Treatment improved Hurricane High star’s quality of life, but it wasn’t a cure.


The family arranged to fly Brian home for blood transfusions at Dixie Regional Hospital. "We wanted him to have enough time to say goodbye to family and friends," said Jane. "He was able to spend Christmas Eve at home."

At a glance

Ceremony to honor Brian Scott

Brian Scott’s family hasn’t finalized funeral arrangements but will hold a ceremony Saturday at 10 a.m. at the LDS Church stake center in La Verkin. The public is welcome.

Medical marijuana

Brian Scott’s death comes as a growing number of states move to legalize marijuana for medicinal purposes. Marijuana remains illegal in Utah, but lawmakers are considering making a “hemp extract” available to children with epilepsy.

Recent stories:

Families migrating to Colorado for a medical marijuana miracle, Nov. 10, 2013

Slow-growing plant yields marijuana designed for kids, Nov. 10, 2013

Cannabis oil for Utah kids gets warm Capitol Hill reception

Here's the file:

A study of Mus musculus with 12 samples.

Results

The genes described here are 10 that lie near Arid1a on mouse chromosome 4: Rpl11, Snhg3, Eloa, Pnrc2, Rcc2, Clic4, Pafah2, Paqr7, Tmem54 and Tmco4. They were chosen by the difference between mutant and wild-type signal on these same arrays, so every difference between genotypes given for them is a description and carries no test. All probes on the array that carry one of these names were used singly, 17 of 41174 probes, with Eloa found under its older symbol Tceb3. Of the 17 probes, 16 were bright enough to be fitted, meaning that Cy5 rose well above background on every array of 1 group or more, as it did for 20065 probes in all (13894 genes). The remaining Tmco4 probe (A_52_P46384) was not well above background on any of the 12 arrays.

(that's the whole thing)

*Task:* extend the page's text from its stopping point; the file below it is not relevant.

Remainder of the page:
Doctors at Oregon Health & Science University tested more than 100 drugs on his blood cells and none showed promise, Jane said. "He had a stubborn [cancer] that outsmarted all the chemo."

Brian was an inspiration even to those who didn’t know him personally.

"He fought valiantly," said Abraham Thiombiano, a St. George real estate specialist who hosted a dance that raised $1,000 for Brian. "The one thing I take from him: He’s a fighter whether on the football field or in life."

Johnson said he was a "hero in all of southern Utah." Her daughter, Jannica, was just 9 when Scott was first being treated at Primary Children’s.

Jannica came up with the idea for a bake sale, and she and her mother made muffins and rolls and hot chocolate, raising $300. When Jannica sent Brian the money, he sent back a thank-you note, which she treasured.

"She says a prayer for him every night. She would check (his mother’s) blog every week." Johnson said. "It’s going to be hard to tell her."

Tribune reporter Bubba Brown contributed to this story.